Digging Into the Life of the Mind

Vol. 282, Issue 5393, pp. 1444
DOI: 10.1126/science.282.5393.1444

Cambridge, U.K.—As a student at London's Institute of Archaeology in the 1960s, Ian Hodder heard James Mellaart lecture about his excavations at Çatalhöyük, a huge Neolithic settlement in present-day Turkey. The aspiring archaeologist was entranced. “Mellaart was a fantastic speaker, and he left an indelible impression of the site on my mind,” Hodder says. Now, 3 decades later, Hodder himself is in charge of major new excavations at Çatalhöyük, which are expected to take the next 25 years (see main text). The new dig is being closely watched by the archaeological community—yet as much for the way it is being dug as for what it is finding.

Hodder—now at Cambridge University—has spent much of his career leading a theoretical revolt against established archaeological thought. This movement of mostly British and some American archaeologists—which has been greatly influenced by postmodernist trends in the humanities—is usually referred to as “postprocessualism.” It puts much more emphasis on studying the symbolic and cognitive life of ancient peoples than did earlier approaches and argues for the need to accept and even welcome differing interpretations of an archaeological site.

The new school is in part a rebellion against what used to be called the New Archaeology, a movement sparked in the 1970s by Lewis Binford in the United States and the late David Clarke in the United Kingdom. The New Archaeology—which is now usually called processualism, because of its concern with processes of social change—was in turn a reaction against what was seen as the static, unscientific, and speculative approaches of the previous generation of archaeologists. But Hodder and others began to feel that the processualists were focusing too narrowly on questions that could most easily be answered by scientific method, such as adaptation to the environment, economy, and trade, to the neglect of religious and social beliefs. “Humans adapt to their environment partly through system of beliefs or preconceptions of the world,” Hodder says. “Culture and mind contribute something; we don't just respond to the environment the way animals do.”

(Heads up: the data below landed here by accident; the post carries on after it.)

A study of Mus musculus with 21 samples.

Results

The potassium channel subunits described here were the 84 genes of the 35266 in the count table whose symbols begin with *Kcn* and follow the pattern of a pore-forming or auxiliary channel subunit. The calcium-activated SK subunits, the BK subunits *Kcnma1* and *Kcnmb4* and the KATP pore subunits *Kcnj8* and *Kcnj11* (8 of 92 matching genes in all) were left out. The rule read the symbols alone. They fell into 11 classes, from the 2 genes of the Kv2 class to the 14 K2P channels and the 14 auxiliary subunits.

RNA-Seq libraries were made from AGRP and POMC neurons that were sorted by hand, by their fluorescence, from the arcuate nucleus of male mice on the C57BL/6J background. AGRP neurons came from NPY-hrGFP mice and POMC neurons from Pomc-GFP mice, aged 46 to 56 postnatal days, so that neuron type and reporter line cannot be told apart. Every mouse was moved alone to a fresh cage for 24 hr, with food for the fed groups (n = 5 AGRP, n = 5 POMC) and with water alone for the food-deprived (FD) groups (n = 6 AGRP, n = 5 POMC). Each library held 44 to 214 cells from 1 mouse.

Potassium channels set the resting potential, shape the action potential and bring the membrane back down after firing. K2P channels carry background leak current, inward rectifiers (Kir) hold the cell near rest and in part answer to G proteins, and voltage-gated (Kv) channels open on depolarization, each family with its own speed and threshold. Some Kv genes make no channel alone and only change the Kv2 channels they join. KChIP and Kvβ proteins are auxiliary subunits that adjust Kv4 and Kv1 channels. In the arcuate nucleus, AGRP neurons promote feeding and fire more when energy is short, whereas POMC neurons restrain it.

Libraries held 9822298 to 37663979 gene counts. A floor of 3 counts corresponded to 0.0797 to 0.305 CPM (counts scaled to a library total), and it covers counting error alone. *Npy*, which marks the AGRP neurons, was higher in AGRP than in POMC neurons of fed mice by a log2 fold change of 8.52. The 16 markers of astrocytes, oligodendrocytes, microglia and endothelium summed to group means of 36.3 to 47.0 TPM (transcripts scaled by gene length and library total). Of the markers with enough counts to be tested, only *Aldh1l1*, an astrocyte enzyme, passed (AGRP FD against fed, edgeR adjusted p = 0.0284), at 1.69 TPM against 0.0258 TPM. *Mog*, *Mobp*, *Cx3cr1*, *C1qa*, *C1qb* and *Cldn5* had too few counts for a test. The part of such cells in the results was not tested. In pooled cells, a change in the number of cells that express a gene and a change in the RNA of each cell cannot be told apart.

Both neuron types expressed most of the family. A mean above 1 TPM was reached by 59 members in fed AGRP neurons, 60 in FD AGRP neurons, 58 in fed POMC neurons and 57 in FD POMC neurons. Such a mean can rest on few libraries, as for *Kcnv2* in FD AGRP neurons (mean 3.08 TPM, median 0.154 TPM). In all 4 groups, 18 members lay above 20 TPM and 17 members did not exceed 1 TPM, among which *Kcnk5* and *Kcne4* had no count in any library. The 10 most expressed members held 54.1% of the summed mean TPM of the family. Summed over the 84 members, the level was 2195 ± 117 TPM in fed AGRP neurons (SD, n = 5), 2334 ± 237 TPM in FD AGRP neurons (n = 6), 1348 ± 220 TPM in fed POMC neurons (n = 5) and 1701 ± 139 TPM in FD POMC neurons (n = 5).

The debate over these issues often turned acrimonious, with processualists accusing postprocessualists of embracing “relativism” and being antiscience, and the latter countering with charges of “scientism” and “positivism.” More recently, however, the discussion has taken a calmer tone, although there are still occasional flare-ups in the pages of archaeological journals. Colin Renfrew of Cambridge University comments that “processual archaeology had its own rhetoric, and I think the ‘postprocessualists’ have quite successfully deflated a little of that. But that hasn't prevented them from introducing whole balloonfuls of rhetorical wind of their own.”

Hodder is putting a strong emphasis on scientific methods at Çatalhöyük, bringing in dozens of experts who are literally putting the site under the microscope—an approach that some archaeologists take as an ironical indication that he has at last seen the processual light. “Everybody is very impressed with Ian Hodder's descent from the lofty heights of theory to the nitty-gritty of actually getting something done,” says Guillermo Algaze of the University of California, San Diego. But Hodder insists that he is using science in a much different way: Rather than focusing only on issues that can be resolved by hypothesis testing, such as the details of economy and trade, he is trying to understand ancient belief systems by using the scientific evidence as pieces of a “jigsaw puzzle” that can never be solved with certainty.

Thus unlike most digs, where excavators excavate and archaeological specialists make short visits to the site or stick to their labs and work on specimens, Hodder has brought in a large team of full-time experts who sometimes work side by side with excavators, interpreting what they see as they go along. Indeed, everyone is encouraged to try to make sense of what they uncover rather than simply collecting data. “People here are pushed to make their own interpretations, to look for patterns,” says team member Nerissa Russell, an archaeologist at Cornell University in Ithaca, New York.

Hodder fully realizes that excavating the large and well- preserved site at Çatalhöyük is the best chance he will ever have to prove that the postprocessual approach can work. “That's why I am prepared to spend the next 25 years of my life working here,” he says. “This is really a test of whether we can do it.”